Vitamin D is critical to all life forms. Most of us are familiar with the role of vitamin D in the regulation of calcium absorption, which is necessary for healthy bones and teeth. However, most people are unaware that vitamin D also aids in the absorption of other minerals essential to good health, such as magnesium for proper muscle function (including the heart) and optimum blood pressure, iron for the production of red blood cells and the utilization of oxygen, and zinc for stimulation of the immune system and the synthesis of DNA and RNA. More recently, research has demonstrated the role of vitamin D as a precursor for hormone production and as a powerful antioxidant.
So why are we talking about vitamin D now? Because natural UV sunlight is one of the main sources of vitamin D for the human body and our exposure to this valuable source is significantly diminished during the winter months. Actually, our bodies manufacture vitamin D from cholesterol (which is one of the reasons you don’t want blood cholesterol to be too low below 140 but that’s another article) when our skin is exposed to this UV light. There are other sources of vitamin D, which we will discuss later, but without adequate UV light for an extended period of time, there is a risk of vitamin D deficiency.
So the next logical question is how much do we need? According to the RDA, we need 200-400 IU daily. However, most of the recent information suggests that this recommendation is inadequate. In fact, the consensus among most holistic nutritional practitioners is that the daily requirement should be raised to 1,000 IU’s. Dr. Weston A. Price, who conducted the initial and most extensive research on human vitamin D requirements, suggested that we get at least 4,000 IU’s daily.
The other side of this issue is that of toxicity. How much is toxic? Yes, vitamin D like vitamin A is fat-soluble and we do need to be concerned about liver toxicity. However, the doses needed to result in toxicity have been exaggerated with the unfortunate result that many people are currently vitamin D deficient. One of the reasons the RDA is so low for vitamin D is that the government studies were conducted with synthetic supplements. Supplementing with synthetic forms of nutritional substances will invariably promote inadequate absorption, and thus toxicity. This also explains why the RDA figures have been notoriously low for several other micronutrients, such as vitamin C and vitamin E. Synthetic supplements are especially inferior for fat-soluble vitamins because of the toxicity issue. Another reason for inaccurate RDA recommendations is that they are typically based on uncontrolled or tainted studies. This is again another article.
Another factor to consider here is that vitamin D actually regulates the levels of calcium in the blood. Consequently, if there is not enough calcium in the diet vitamin D will cause it to be drawn from bone. In other words, someone with a calcium deficiency should not supplement with vitamin D. Similarly, people who are on low-fat diets should not supplement with vitamin D because adequate dietary fat is necessary for the assimilation of vitamin D. Any excess vitamin D (i.e., not assimilated by the body) will contribute to toxicity and even osteoporosis.
The message here is that vitamin D requirements are not clear-cut by any means. Like most other issues we discuss relating to health, each individual has different requirements.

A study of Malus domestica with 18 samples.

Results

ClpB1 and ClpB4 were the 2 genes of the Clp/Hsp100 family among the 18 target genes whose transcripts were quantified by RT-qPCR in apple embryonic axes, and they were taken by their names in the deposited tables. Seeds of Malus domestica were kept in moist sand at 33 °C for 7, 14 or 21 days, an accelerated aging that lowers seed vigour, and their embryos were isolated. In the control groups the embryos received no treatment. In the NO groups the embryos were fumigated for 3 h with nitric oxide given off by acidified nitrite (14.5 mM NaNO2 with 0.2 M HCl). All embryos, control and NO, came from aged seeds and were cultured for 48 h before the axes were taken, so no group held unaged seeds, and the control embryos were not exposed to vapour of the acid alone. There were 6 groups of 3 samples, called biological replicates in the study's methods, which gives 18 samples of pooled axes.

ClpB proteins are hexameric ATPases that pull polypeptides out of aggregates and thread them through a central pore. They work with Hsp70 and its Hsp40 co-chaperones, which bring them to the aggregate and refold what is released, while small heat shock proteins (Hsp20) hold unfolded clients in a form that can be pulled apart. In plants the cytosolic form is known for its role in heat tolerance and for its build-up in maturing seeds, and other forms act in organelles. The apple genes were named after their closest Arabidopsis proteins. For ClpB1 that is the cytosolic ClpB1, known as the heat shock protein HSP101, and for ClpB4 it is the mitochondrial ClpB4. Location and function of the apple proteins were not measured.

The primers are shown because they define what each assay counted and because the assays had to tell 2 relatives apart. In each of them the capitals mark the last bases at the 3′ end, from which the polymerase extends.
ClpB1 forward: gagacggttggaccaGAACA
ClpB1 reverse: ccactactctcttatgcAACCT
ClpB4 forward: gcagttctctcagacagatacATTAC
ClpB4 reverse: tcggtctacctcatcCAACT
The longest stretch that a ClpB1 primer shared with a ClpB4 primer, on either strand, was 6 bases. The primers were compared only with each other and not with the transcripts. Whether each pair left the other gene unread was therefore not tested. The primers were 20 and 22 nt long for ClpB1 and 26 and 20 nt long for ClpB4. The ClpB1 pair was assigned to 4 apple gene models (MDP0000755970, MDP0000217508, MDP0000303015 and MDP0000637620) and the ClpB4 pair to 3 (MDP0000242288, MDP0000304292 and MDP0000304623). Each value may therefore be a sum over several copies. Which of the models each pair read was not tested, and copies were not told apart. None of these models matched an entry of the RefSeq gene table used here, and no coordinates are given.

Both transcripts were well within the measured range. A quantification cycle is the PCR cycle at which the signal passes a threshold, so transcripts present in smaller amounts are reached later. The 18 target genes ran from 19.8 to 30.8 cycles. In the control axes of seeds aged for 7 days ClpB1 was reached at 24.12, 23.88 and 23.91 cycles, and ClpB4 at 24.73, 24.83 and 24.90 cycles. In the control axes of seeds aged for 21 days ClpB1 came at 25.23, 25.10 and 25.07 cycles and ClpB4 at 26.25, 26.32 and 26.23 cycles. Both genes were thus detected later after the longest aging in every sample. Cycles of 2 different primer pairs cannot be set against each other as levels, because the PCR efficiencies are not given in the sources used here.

Since the experts cannot agree on accurate vitamin D requirements, and since toxicity is such a real issue, especially with synthetic supplementation, our recommendation is that you get as much skin exposure to sunlight during the winter months as you can and that you eat foods that are naturally rich in vitamin D. This is not to say that you should stop taking your multivitamin. Everyone should be on a high quality multi like Bio-Multi Plus, which is available in our online store http://www.ingoodhealthinc.com. Foods that are rich in vitamin D are generally meats and eggs from animals raised in the wild or free-range animals. Some examples are wild salmon, free-range eggs, organic butter, oysters, and organ meats from wild or free range animals. Farm raised and caged animals are generally less healthy animals and therefore have significantly less of the healthy fat needed to retain fat-soluble micronutrients. They also tend to be deficient in the essential fats or have unhealthy ratios of the Omega 3 and Omega 6 fats. (For more on fats, go to http://www.westonaprice.org/facts_about_fats/facts_about_fats.html .)
Cow’s milk is generally a poor source of vitamin D and calcium for similar reasons. Most cows are raised on synthetic growth hormones and conventional feed that is laced with synthetic chemicals. In addition, much of the vitamins, minerals and essential enzymes in cow’s milk are lost during the homogenization and pasteurization processes. This is generally not an issue with raw milk. However, raw milk is not available in many states because of misguided government regulation.
The richest source of natural vitamin D is cod liver oil. Just two teaspoons of cod liver oil can supply 1,000 iu’s of vitamin D. This is generally safe as long as liver or kidney disease is not present and the diet contains adequate amounts of calcium, magnesium, and other minerals. The source of cod liver oil we recommend is Carlson’s. It is lemon flavored and less offensive than the straight stuff.
If you are still unsure about whether you need more vitamin D, you could have your blood tested for vitamin D status. For the reasons mentioned above, you may also want to have your blood levels of calcium, magnesium, potassium, zinc, and phosphorus tested.